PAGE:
The Long, Long Crawl to Brooklyn

Home Brooklyn Life The Long, Long Crawl to Brooklyn

Horns blare and police sirens sound, but all to no avail. A silver sedan is blocking the intersection of Fifth Avenue and East 65th and cannot or will not be moved. The taxi driver begins to sweat, leaning on the horn repeatedly as he glares at the sedan. It’s the not moving that makes him nervous, he explains. He had been driving taxis since 1988 but never encountered gridlock this severe.

Earlier in the day the taxi driver had taken four people to Bay Ridge for $160. Now he is being paid $40 to go back to Brooklyn. He isn’t pleased about the downgrade. He inches forward through Central Park, towards the FDR Drive and the bridge. Walking from Lincoln Center to the Williamsburg Bridge takes a little under two hours. This Halloween, it takes three hours by car.

Out of the cab and onto the B62, through downtown Brooklyn. The bus is full; spirits are high. A woman is speaking on her cell phone, her voice and person alike overflowing into the seats beside her. “I saw the buses were running and I just had to get out of the house,” she declares. She pauses to cover her phone and pat the woman beside her, saying, “He’s about to turn, this is you. You want to get off there at York.”

York Street in DUMBO is eerily quiet. Power is on but the streets are empty except for a few shivering trick-or-treaters being shepherded between the housing projects. Williamsburg is another story.

“I walked 13 miles today, from 82nd Street to here,” says one of the four 20-somethings at a table in The Bagel Store on Bedford Street. The Bagel Store is the kind of place that takes the time to sprinkle cinnamon sugar on every raisin bagel and customers in Williamsburg are the kind to notice and appreciate the effort. Three of the four at the table have the requisite hipster black framed glasses; the fourth compensates for his lack of eyewear with an impressively anachronistic mustache.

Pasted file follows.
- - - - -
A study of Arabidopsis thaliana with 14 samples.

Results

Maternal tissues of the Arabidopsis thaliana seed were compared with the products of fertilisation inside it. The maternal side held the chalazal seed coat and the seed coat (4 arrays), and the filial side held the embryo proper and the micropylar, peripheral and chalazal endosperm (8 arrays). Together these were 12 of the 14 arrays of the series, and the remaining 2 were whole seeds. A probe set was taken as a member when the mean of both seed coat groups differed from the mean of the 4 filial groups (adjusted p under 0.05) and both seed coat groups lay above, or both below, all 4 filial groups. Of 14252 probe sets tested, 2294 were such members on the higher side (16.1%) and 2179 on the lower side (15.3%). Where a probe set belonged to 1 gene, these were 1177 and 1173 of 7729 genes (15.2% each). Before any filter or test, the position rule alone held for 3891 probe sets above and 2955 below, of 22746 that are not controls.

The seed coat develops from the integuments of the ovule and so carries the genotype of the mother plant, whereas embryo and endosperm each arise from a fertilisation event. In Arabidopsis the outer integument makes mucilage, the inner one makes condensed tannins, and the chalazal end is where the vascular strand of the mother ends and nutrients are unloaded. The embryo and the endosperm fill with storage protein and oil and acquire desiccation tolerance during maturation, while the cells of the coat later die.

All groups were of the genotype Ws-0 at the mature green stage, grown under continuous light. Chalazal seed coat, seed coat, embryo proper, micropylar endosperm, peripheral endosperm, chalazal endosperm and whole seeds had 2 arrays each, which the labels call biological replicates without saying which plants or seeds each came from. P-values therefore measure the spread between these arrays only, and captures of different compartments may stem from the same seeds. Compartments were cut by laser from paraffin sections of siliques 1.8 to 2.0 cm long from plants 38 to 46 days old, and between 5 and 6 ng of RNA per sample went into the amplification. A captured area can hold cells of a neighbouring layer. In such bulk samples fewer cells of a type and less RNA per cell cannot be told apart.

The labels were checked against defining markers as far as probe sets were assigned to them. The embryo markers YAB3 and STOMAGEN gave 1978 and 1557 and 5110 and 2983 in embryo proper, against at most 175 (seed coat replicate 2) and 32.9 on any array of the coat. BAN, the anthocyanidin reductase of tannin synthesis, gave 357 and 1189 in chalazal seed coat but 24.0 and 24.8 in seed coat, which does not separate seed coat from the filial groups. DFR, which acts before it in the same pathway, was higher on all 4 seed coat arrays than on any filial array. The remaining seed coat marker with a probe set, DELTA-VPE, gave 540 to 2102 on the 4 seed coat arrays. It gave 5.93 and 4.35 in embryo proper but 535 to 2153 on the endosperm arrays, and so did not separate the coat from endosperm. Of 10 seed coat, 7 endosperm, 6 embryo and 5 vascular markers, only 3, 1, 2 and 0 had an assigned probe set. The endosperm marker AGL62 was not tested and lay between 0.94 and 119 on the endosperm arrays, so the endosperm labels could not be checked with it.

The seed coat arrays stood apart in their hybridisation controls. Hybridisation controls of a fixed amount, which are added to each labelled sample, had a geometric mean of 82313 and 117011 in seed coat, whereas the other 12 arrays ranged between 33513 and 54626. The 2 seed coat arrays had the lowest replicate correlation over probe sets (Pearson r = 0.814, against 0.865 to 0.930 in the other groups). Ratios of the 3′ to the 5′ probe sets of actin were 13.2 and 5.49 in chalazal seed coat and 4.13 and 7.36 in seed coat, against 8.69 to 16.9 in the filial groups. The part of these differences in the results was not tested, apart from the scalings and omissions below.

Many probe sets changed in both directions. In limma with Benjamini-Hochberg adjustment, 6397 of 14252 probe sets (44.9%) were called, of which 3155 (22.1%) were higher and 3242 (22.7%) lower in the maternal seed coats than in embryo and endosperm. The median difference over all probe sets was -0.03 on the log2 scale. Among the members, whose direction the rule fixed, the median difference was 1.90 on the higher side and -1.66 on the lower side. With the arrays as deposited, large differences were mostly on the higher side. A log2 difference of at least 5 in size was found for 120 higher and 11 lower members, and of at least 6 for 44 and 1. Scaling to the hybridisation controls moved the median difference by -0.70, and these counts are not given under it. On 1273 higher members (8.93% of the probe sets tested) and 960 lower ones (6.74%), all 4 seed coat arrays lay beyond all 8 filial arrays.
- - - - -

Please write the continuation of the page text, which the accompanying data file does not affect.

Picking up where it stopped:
The man behind the counter is considerably older and less manicured than the four at the table. “I came from Morningside Heights,” he interjects into the conversation. He journeyed from his apartment on 117th to work the store’s counter and now worries about how he’ll make it back to Manhattan. Another man, stocky and balding with a sense of authority, emerges from the backroom and enters the debate.

“You think you got it bad? I went from living on the water to living in the water.” He says that he lives on Long Island, South Bay, “as south as south gets.” Water has entered the first story of his house and they are still without power. He has to hurry home now because he has two children who are waiting in a cold, dark house. He pauses and a customer at another table interjects, “For you to come and make it a home?” “Yes,” the boss nods.

The Bagel Store was closed on Tuesday but reopened for business on Wednesday. Bustling Williamsburg feels as though it is a world away from Red Hook or South Bay. The few broken branches from Hurricane Sandy are now trampled under the feet of the crowds who have come to celebrate Halloween and the prospect of a Thursday without work – after all trains to Manhattan are still down.

The four hipsters finish their bagels and leave but the two men behind the counter continue to chat about the hurricane. The boss reveals that it was suggested that he evacuate. “But I remembered Irene when nothing really happened,” he explained. So he stayed. His employee nods sympathetically. “Payroll won’t be on Friday this week. Not until Monday or Tuesday,” the boss adds. The employee looks less enthused about this fact but nods again. “The situation is getting a little unbearable,” says the boss. “One or two days, okay. But we need to get on with our lives.” At the moment some sort of woodland creature and a vampire burst in together, laughing and singing off-key. It appears that for much of Williamsburg life has already moved on after the hurricane.